The military's F-35 program has been marred by excessive spending, delay, and a false assumption that two engine contractors are better than one
Official U.S. Navy Imagery/Flickr
It is by now a cliché that the defense budget must be cut. Some of this cutting will be from canceling programs, but a decent of the expected defense cuts can actually come from cost savings. One way some defense hawks have suggested for saving money is introducing competition through redundant parts or systems.
By far the most acrimonious debate over redundancy and competition is the F-35 alternate engine (which I wrote about two months ago for The Atlantic). Part of the push for a second engine -- made jointly by congressional Republicans and an industry team lead by GE -- is that competition for the engine will lower costs. As my colleague August Cole and I explained in our analysis, the cost-savings argument rests on some shaky assumptions, might not actually reduce overall program cost, and rely on the Defense Department and US Air Force behaving like normal customers in a commercial market (which they are not).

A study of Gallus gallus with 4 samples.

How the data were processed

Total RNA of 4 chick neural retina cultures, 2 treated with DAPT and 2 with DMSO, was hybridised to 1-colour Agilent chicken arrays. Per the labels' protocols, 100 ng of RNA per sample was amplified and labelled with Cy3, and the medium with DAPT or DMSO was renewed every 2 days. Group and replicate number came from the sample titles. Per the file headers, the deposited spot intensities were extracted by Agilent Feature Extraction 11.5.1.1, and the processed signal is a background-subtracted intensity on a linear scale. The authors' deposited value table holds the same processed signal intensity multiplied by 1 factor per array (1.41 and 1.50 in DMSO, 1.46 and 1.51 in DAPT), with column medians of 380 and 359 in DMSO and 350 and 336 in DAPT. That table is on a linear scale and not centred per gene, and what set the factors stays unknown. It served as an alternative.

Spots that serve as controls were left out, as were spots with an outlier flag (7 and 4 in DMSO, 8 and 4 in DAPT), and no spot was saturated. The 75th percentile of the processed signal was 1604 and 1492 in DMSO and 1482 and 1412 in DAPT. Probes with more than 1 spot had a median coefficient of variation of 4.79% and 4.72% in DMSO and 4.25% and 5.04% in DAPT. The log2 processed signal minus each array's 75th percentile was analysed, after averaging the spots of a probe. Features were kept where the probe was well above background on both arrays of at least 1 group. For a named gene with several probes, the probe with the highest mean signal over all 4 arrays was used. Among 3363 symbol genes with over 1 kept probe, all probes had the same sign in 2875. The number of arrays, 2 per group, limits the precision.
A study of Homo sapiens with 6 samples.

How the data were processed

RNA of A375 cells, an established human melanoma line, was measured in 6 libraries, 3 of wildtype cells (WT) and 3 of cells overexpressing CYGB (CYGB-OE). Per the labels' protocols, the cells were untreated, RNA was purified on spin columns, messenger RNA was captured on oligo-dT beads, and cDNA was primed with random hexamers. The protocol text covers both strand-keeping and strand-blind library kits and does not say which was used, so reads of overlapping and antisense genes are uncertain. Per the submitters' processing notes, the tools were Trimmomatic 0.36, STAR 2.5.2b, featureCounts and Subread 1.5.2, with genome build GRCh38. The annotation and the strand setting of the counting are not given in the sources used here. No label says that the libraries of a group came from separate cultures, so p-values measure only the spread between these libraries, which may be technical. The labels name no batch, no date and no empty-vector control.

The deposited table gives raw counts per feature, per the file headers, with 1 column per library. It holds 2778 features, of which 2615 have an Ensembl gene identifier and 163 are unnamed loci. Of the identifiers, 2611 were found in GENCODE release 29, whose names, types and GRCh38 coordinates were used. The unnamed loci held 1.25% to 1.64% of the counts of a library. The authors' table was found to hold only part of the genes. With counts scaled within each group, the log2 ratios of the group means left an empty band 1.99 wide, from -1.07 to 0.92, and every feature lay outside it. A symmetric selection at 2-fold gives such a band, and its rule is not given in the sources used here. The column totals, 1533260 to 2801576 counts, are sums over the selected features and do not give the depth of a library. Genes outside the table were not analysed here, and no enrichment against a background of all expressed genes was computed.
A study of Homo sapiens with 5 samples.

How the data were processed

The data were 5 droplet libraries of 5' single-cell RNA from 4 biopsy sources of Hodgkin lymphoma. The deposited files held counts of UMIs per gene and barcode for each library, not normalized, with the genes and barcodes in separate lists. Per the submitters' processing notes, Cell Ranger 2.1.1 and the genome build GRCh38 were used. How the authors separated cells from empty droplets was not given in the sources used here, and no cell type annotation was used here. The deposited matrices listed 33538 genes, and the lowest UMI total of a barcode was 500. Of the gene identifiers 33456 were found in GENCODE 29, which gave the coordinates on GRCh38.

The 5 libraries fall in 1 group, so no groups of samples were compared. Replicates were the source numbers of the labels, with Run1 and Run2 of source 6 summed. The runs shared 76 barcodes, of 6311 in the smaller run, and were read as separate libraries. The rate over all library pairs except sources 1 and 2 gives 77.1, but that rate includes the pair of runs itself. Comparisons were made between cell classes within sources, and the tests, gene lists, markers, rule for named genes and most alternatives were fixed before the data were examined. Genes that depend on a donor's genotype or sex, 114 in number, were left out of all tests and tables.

But the other side to the argument for the alternate F-35 engine is one of redundancy. One insider to the push for an extra engine (who could not be named because of the sensitivity of the issue) had a very interesting perspective: because of what the F-35 represents, design flaws and manufacturing problems will actually have a much bigger effect on the overall fighter force than they used to. The F-35 is meant to replace the aging F-15 fleet, but also the F/A-18 fleet, the AV-8B Harrier jumpjets, and the F-16. In fifteen years, the U.S. Air Force attack fleet will basically be three aircraft: about 175 F-22s, a few hundred F-35s, and some unspecified Next Generation Bomber. That makes problems with the F-35 much more important than if they only affected a relatively small number of aircraft compared to the overall fleet.